In 2001 Alfonso Cuarón had already directed two big studio pictures, The Little Princess and Great Expectations. He would go on to direct more big studio affairs: a sci-fi thriller, Children of Men, one of the Harry Potter movies, Harry Potter and the Prisoner of Azkaban, and Gravity, an outer space VFX bonanza that won him a slew of Oscars and helped to legitimize 3D movie-making as a true artistic medium. But in 2001 he made Y Tu Mamá También, a Spanish language independent film with an unmistakably indie aesthetic and an uncompromising onscreen portrayal of sexuality.
Tenoch (Diego Luna) and Julio (Gael García Bernal) are best friends in Mexico City whose girlfriends are just leaving for a summer in Italy. Tenoch’s father is a successful (and wealthy) politician. Julio’s family is middle-class. The two boys are on the cusp of the sort of painful transition into adult life so often depicted in fiction. In many ways they are typical examples of teenage boys on film: loud, frenetic, crude, obnoxious, obsessed with sex, irritatingly self-assured (though secretly insecure), and tirelessly competitive. Unlike more typical examples (at least insofar as conscious intent is concerned), Tenoch’s and Julio’s friendship smolders with homoerotic energy.
While attending a wedding they meet Luisa (Maribel Verdú), the beautiful young wife of Tenoch’s cousin Jano. Luisa is several years their senior, and Jano is an insufferable prick, both to his young cousin and to his wife, to whom he has been unfaithful. Partly in retaliation for Jano’s infidelity, Luisa agrees to accompany Tenoch and Julio on a road trip to a secluded beach the two boys invented out of whole cloth in an attempt to impress her.
Their road trip together is, as these things often are, a catalyst for conflict, introspection, growth, and the like. The two boys try to impress Luisa with tales of their sexual conquests and the adolescent dimensions of their own personal mythology, the manifesto of the “charolastra” (roughly, “space cowboy”). Luisa, meanwhile, reveals some sense of her troubles with Jano and her own tales of adolescent love. All the while, sexual energy pushes and pulls the trio in a few different directions.
If that sounds banal, it’s only because my description isn’t doing it justice (partially in an attempt to conceal the less obvious twists and turns of the plot). One of this film’s strengths is in how it treats a fairly conventional coming of age story in thoroughly unconventional ways. It confronts with an unvarnished honesty and ragged fearlessness an aspect of young adult life (and life in general) that almost always has its rough edges airbrushed or is edited entirely out of existence. Y Tu Mamá También deals in this bold way not just with sexuality but with a partially hidden vocabulary of things that exist almost exclusively in private, things that are so rarely addressed directly but rather left to fester beneath the surface of so-called regular life.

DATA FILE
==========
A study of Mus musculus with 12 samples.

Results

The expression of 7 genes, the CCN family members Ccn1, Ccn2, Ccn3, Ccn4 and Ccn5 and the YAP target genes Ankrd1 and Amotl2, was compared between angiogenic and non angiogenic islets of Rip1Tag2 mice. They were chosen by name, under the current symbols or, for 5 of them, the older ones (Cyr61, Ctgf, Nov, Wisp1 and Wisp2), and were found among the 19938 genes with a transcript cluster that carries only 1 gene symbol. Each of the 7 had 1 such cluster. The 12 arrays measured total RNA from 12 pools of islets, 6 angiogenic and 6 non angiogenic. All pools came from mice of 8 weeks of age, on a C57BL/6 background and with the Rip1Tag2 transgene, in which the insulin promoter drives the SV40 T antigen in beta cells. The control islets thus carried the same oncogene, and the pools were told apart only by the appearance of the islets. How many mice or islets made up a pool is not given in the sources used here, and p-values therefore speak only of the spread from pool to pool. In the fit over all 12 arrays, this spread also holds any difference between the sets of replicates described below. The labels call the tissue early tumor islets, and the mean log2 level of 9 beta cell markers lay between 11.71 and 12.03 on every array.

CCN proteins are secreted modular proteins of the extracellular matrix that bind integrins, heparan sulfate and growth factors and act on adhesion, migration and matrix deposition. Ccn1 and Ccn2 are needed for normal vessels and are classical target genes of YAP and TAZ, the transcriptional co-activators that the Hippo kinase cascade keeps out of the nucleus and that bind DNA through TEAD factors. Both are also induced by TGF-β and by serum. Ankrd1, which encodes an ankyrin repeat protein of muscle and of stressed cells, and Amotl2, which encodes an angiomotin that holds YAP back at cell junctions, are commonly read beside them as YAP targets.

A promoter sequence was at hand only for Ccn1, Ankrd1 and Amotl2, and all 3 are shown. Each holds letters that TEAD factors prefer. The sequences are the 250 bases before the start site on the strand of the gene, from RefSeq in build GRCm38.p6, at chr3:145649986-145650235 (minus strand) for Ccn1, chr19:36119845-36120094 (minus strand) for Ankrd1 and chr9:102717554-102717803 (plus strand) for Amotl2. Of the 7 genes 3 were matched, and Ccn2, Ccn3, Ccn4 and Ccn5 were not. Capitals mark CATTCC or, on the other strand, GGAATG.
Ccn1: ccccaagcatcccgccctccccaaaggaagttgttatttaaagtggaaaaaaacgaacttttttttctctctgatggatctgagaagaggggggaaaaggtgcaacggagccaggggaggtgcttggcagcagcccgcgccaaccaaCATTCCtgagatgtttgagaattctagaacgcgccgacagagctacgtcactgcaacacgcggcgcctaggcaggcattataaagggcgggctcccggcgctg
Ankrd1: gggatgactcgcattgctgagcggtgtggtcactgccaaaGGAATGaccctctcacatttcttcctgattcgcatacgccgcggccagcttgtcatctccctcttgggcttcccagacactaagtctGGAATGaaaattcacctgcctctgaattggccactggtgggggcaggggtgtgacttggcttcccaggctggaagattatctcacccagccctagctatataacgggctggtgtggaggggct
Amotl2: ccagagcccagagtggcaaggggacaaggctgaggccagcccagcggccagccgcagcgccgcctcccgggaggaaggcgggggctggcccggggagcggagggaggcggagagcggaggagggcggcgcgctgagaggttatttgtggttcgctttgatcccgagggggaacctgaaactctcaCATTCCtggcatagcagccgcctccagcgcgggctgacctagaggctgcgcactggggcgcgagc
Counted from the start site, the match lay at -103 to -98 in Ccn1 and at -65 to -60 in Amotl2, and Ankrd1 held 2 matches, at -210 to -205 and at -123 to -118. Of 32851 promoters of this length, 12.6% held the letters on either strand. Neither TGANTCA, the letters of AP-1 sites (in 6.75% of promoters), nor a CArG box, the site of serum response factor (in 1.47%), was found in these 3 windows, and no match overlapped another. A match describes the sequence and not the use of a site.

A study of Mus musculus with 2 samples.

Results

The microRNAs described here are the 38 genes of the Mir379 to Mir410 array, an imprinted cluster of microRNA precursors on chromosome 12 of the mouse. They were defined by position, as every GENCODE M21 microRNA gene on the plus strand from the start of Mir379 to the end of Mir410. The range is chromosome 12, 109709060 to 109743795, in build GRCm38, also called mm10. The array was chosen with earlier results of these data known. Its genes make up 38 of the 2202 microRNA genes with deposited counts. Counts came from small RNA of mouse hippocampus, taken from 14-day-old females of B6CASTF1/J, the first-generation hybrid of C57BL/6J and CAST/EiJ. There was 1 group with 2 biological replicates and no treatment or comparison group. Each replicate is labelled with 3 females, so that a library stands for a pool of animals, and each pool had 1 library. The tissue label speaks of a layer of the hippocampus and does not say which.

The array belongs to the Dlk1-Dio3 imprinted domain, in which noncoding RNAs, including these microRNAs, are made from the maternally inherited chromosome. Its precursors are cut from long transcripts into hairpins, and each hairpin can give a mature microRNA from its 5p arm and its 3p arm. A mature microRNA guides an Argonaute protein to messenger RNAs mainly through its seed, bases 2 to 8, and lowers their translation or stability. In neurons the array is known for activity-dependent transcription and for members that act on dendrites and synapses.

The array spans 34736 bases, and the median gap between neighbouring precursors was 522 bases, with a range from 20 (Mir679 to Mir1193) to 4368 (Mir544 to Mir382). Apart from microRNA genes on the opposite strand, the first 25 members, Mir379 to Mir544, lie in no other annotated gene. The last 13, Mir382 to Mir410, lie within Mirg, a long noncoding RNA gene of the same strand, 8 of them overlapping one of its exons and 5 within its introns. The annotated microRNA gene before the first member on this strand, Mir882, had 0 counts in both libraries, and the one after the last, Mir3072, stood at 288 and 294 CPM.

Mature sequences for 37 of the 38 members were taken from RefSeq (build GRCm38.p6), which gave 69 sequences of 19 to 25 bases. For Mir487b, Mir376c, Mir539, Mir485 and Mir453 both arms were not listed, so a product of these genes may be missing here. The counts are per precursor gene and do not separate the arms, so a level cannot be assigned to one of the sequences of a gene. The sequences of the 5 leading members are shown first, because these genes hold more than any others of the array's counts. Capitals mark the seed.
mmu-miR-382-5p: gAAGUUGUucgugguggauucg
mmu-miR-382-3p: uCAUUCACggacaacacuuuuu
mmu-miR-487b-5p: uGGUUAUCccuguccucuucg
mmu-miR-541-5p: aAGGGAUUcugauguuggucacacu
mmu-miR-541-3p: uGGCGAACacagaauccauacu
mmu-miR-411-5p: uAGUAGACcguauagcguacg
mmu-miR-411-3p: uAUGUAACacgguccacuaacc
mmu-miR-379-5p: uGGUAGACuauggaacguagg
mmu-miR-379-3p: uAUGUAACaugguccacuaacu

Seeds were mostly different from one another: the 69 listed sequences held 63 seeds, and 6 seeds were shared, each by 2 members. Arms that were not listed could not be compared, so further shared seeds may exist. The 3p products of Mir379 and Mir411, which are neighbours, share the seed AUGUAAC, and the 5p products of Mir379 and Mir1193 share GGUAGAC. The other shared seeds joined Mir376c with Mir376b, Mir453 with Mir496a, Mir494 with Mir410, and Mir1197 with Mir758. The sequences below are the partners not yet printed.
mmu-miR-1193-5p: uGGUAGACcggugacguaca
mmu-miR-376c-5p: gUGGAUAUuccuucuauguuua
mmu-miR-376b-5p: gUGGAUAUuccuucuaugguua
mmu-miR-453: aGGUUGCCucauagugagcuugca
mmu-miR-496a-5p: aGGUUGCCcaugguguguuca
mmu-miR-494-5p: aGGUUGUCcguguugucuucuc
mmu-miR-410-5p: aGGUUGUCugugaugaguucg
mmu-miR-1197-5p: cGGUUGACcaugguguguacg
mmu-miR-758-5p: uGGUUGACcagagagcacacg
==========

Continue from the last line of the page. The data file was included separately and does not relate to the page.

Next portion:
Alfonso Cuarón wrote the screenplay with his brother Carlos. It’s excellent, setting up a rich and interconnected world of real people who have not just surface reality but internal lives as well. But perhaps the film’s true brilliance lies in the way it tells this story. Emmanuel Lubezki’s cinematography takes a handheld approach, favoring long takes and a fluid, almost improvisatory style that frequently suggests the physical presence of a cameraman. This would be distracting if it weren’t for another narrative conceit unique to this picture – the use of an omniscient third person narrator. Daniel Giménez Cacho provides the voice of the narrator, who periodically interrupts the dialogue and diagetic sound (while the action continues onscreen) to give insight (often placing the story within the context of Mexico and its various political and social realities). Extensive voiceover can be a crutch in movies that lack the ability to communicate in more creative ways, but here the voiceover gives the film a sense of being more than cinematic, almost literary. This voiceover works in tandem with the movie’s visual style to suggest a personal narrator, a conscious witness.
Take for example the film’s opening scene. Tenoch and his girlfriend, Ana (Ana López Mercado), are having sex. Their youth and their nakedness (and their enthusiasm) are immediately apparent, and then, moments later, you realize that the camera, which physically enters through the doorway to Ana’s bedroom, is handheld, moving closer and closer, somewhat restlessly roving around the room. Finding a shot, then re-adjusting. Finding another shot and unstably holding focus. And so on. It’s hard to watch the scene without being reminded that on the other side of the fourth wall is a cameraman. When the camera starts to back out of the room, leaving through the doorway where it came in, the sound abruptly drops out and the narration begins. The effect is to fuse the two aesthetic conceits as the eyes and mouth of the same omniscient narrator.
Whatever the specific strengths of the film’s production, or the particular mechanics of the plot, Y Tu Mamá También is a unified whole, each part contributing to the yearning, bittersweet, and faintly tragic experience that comes from watching it. Despite its specificity, being as it is a unique and individual story about particular people in a particular place, there is also something universal about Y Tu Mamá También. It evokes, very strongly, the energy and intensity of youth and its transition to something more mature, more consciously aware of its drives and how those drives relate to the person one might eventually become. That experience is a universal one, and the viewer’s individual sense of it – and the unique events specific to his or her own experience – become at times palpably present while watching Y Tu Mamá También.